Apprenticeships are a route to social mobility. Research has shown that apprentices earn more over their working life than those who just do A-levels. And with the six-fold growth of higher apprenticeships since 2010/11 there are more chances than ever for non-degree routes into top jobs
The Commission is supportive of reforms to increase the quality and quality of apprenticeships. The increasing involvement of employers in apprenticeship design is at the heart of these changes, following the recommendations of the independent Richard review.
We said in our annual report that the economic recovery needs to be matched by a social recovery. So there is scope to go further and faster in this space: more firms need to provide young people the opportunities to get in and get on. We called for half of workplaces with more than 10 staff to offer apprentices by 2020.
So what to make of the latest figures? They show a 15 percent drop – or 78,000 fewer apprenticeship starts in 2013/14 compared to the year before.
The dramatic drop was caused by a huge reduction in apprenticeship starts by over 25-year-olds. These were down by a third between 2012/13 and 2013/14 – making up nearly 95 per cent of the total decrease. The remainder was caused by a drop in 19-24 year olds starting intermediate and advanced apprenticeships. Given the lion’s share of the change is due to the older group it is important to understand why the number of older apprenticeship starts is declining, if the trend likely to continue and whether we should be worried.
First, the Commission identifies two possible explanations: changes to adult apprenticeship funding and ‘pricing out’ of adult apprenticeships through higher quality requirements. Over the last few years the government offered 24+ learning loans for advanced apprenticeships, then cancelled this policy (writing off some minor debts in the process). This may have put some older people off. Alternatively, the drive for quality (including introduction of a minimum 12 month apprenticeship duration in 2011) may be causing a decline in the number of older people starting low-level apprenticeships. If anything, the data supports the funding explanation – as the biggest decline in over-25 starts is in the ‘advanced’ (A-Level) apprenticeship category: a 32 per cent drop compared to a 4 per cent drop for ‘intermediate’ (GCSE-level). But overall it is too soon to tell why this is happening.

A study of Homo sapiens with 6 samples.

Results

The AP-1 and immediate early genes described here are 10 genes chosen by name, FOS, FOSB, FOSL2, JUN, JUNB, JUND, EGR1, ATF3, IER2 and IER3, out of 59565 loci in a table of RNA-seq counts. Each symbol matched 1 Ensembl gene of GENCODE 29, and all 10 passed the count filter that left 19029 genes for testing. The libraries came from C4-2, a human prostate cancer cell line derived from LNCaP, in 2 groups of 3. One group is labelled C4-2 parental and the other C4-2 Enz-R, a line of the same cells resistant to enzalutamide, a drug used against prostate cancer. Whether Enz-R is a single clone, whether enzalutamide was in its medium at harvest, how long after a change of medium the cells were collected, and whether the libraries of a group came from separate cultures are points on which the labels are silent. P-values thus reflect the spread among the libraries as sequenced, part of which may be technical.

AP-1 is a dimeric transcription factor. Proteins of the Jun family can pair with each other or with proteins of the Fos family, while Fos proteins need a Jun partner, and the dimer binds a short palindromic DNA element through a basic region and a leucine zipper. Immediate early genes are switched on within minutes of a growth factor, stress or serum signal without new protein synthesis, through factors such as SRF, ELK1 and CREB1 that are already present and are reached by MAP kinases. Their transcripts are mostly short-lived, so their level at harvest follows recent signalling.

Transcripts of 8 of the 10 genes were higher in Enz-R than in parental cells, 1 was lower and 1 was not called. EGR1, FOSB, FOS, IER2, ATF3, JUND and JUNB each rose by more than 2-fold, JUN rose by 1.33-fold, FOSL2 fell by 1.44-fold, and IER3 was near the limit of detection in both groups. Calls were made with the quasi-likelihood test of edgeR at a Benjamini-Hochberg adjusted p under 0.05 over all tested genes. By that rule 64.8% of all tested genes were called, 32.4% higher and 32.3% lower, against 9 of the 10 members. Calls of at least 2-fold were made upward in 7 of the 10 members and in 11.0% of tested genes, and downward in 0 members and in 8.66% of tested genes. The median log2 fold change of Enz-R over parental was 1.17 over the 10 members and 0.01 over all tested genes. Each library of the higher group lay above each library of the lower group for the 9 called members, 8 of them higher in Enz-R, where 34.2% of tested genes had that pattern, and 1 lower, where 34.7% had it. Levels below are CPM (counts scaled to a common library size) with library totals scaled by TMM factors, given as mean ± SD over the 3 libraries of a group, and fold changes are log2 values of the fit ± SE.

So second, is this a tidal wave or a change of tide? It very much depends on the cause. If this was driven by now-cancelled funding policy we may expect to see the number of over-25 apprenticeships recover. But if this was caused by reform forcing out low quality apprenticeships this may be more of a permanent move. Only time will tell. Close attention to the numbers by policy makers is required.
Third, and finally, is this cause for concern? The good news is the number of apprenticeship starts by under 19 year olds is up by 3 per cent to just shy of 120,000. The decline in apprenticeship starts by this age group that the NAO pointed out appears to be halted, at least for the moment. This improvement should be greeted with caution; starts by under-19s are still down a tenth from the level in 2010/11. Frankly, the number of apprenticeships open to the young (under 25s) has remained flat (actually slightly down) for 2 years now, when with the recovery in employment, we should be expecting firms to be looking to investment more in their future workforce. This is extremely disappointing.
It is also to be welcome that growth in Higher Apprenticeships continues apace, the number of starts up by a fifth in 2013/14 for young people under 24. This said, in 2013/14 Higher Apprenticeships were still only 2 per cent of all starts, a proportion that must increase if the social mobility potential of apprenticeships is to be realised. We said in our annual report that by 2020 a tenth of all starts should be at this level to expand routes to skilled, high mobility jobs.
It should not be forgotten that apprenticeship numbers were swollen considerably in 2010/11 when a significant proportion of workplace training was shifted onto the apprenticeship track. The number of over-25s that started apprenticeships jumped by a massive 130,000 in that year. So a decline in over-25 starts might just be a reversion to workplaces picking up training that may have been classified as apprenticeships over the past few years. If this means more funding and places available for younger people, this could be the sign of a positive shift.
The Commission expects the government to investigate the cause of these changes, and be transparent in what they find. Are we seeing the intended outcome of reforms or a decline in opportunities? If the latter, the government will need to set out how it intends to put this right. Either way at the moment, opportunities of high quality apprenticeships are not rising as we would hope.
The government has set itself a deadline of all apprenticeships being under the new frameworks by 2017/18. That milestone is fast approaching and if the government believes there to be a problem it needs to be fixed urgently.